Article was misleading
Friday’s article, “What to cut? City says it’s too early to tell,” mischaracterized my statements.
Obviously, Amendments 60 and 61 and Proposition 101 affect government revenues. We would not otherwise be promoting them. They slow the rate of increase in future revenue. The savings are phased in over four to 12 years or more. For example, a 0.1 percent reduction in the state income tax rate occurs only after state income tax revenue in that tax year grows over 6 percent. The state still gets an increase, but a slightly adjusted one. We save just over 2 percent on that year’s income tax payment.
Total state spending is almost $20 billion yearly. That is about $16,000 in direct and indirect spending paid for by average Colorado families of four. Can’t we slow future increases?
Property tax revenue has zoomed 164 percent since TABOR passed. It’s now $6.4 billion yearly, the highest single Colorado tax source. That is more than $5,000 in direct and indirect taxes per average Colorado family of four. Can’t we slow future increases?
Your article talked about “the state’s quickly dwindling budget.” Total state spending in 1984 was $3.4 billion. This coming year, it is $19.6 billion, $400 million more than the current year. So while $100 million in tax savings sounds like a lot, it is only one-half of 1 percent of total state spending, which grows much faster than that each year. State spending has never declined in the past quarter-century.
There are no “potential cutbacks in the K-12 education budget.” State aid is required by current law and Amendment 60 to replace local property tax relief. That is not a cut, but only a very gradual shift in a part of one revenue source over the next 10 years. No school district will lose one dollar. (That was printed as “not reduce any government budget by even one dollar,” which I did not say or mean.)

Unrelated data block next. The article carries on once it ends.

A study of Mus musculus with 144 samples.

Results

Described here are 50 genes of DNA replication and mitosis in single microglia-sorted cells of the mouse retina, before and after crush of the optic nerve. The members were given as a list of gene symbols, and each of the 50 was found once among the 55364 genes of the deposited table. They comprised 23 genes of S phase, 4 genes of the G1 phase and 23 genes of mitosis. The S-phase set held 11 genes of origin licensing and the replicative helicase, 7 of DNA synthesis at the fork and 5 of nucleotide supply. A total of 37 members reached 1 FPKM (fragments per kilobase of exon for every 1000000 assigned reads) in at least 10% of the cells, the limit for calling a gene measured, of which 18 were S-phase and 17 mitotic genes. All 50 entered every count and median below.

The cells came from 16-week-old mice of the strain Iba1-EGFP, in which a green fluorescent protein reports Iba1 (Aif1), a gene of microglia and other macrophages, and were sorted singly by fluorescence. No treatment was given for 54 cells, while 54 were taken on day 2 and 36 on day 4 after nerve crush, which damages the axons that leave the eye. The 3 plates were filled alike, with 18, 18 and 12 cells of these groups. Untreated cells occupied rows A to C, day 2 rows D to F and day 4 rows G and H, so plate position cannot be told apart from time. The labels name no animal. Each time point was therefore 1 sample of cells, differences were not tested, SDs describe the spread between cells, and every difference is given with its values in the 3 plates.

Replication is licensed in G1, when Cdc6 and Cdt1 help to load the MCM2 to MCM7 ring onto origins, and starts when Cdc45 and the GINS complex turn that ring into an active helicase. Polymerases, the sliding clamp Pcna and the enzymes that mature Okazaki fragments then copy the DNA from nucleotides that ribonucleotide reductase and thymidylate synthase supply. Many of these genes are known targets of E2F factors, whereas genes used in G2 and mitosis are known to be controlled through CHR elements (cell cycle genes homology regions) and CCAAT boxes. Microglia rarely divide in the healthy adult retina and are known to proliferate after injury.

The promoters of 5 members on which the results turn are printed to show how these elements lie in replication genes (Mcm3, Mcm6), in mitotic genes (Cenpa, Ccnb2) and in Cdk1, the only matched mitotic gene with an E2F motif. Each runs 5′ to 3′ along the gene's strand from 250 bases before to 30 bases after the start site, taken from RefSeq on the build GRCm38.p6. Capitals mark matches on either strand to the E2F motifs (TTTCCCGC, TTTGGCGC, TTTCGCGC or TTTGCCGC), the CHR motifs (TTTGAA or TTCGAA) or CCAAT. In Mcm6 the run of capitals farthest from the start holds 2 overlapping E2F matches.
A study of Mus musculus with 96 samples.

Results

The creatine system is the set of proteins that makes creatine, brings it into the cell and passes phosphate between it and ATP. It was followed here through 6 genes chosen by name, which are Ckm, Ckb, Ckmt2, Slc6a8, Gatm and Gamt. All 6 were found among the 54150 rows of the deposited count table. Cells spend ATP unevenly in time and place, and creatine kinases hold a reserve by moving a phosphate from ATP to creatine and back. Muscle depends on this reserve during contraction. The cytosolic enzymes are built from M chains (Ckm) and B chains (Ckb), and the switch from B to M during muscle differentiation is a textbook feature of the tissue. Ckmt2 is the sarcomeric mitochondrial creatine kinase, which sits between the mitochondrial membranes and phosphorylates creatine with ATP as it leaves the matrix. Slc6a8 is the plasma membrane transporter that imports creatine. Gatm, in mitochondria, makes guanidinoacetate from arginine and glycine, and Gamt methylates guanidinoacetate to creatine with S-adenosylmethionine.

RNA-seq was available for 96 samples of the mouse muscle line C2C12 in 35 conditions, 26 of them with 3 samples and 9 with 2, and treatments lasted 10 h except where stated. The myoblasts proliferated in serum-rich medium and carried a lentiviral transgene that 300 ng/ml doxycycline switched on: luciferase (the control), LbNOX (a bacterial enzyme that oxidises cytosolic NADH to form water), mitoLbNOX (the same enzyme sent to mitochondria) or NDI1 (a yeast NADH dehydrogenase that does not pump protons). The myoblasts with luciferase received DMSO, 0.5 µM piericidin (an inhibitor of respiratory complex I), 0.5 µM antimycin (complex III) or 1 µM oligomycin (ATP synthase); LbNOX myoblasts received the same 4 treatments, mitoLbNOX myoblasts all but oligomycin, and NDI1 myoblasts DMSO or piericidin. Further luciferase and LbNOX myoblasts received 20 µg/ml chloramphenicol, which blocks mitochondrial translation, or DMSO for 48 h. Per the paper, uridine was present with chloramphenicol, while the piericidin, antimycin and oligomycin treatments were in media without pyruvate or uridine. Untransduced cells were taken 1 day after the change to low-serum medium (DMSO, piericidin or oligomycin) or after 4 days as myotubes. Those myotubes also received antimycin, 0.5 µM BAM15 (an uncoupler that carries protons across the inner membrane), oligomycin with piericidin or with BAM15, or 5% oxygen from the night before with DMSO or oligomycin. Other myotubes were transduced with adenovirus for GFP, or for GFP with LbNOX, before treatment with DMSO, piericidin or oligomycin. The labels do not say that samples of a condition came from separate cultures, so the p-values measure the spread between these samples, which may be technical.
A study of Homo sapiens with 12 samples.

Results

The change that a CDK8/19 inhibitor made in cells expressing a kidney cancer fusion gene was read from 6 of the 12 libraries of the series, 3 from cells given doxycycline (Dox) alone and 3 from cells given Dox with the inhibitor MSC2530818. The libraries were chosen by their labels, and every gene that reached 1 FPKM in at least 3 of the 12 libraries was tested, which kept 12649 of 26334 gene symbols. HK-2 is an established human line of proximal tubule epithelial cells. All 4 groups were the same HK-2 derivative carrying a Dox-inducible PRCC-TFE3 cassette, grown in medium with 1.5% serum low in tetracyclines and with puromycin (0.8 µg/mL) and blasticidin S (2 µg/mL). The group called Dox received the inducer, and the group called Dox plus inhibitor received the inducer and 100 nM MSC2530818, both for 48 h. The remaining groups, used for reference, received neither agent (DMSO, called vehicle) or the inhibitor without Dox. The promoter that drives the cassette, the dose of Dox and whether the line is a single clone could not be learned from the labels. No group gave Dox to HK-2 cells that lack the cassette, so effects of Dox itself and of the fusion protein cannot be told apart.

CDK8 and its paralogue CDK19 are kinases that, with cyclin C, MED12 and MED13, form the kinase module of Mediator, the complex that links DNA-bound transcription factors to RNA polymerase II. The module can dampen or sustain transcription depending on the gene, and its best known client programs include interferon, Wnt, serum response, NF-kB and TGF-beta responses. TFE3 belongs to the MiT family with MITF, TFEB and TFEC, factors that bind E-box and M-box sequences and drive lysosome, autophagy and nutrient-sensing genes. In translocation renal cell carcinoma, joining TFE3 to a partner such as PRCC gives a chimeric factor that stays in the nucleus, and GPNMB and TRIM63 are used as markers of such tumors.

The assumption in all the threats made by government officials is that there is no waste in government. Nearly everyone agrees government wastes at least 2 percent of its revenue. So why not simply cut the waste?
Contrary to your article, TABOR was not passed during “a robust economic time.” We were in a recession in 1992, and TABOR’s passage triggered eight years of Colorado prosperity. We are in a worse recession now. These three issues will rejuvenate our state economy and create jobs; tax relief always does. Note that the same political scare tactics that failed in 1992 are being resurrected to trick voters this time.
People can see our documentation at cotaxreforms.com. They can get the direct information, not have it filtered by reporters. They will also see there “Fibs by Foes,” which details 15 falsehoods by our campaign opponents. Unfortunately, their scare tactics are sprinkled in this newspaper’s coverage of the ballot issues.
The first major snowstorm of the season is expected to roll into Colorado on Sunday with the mountains around Aspen seeing up to two feet of snow by Monday evening, according to the National Weather Service.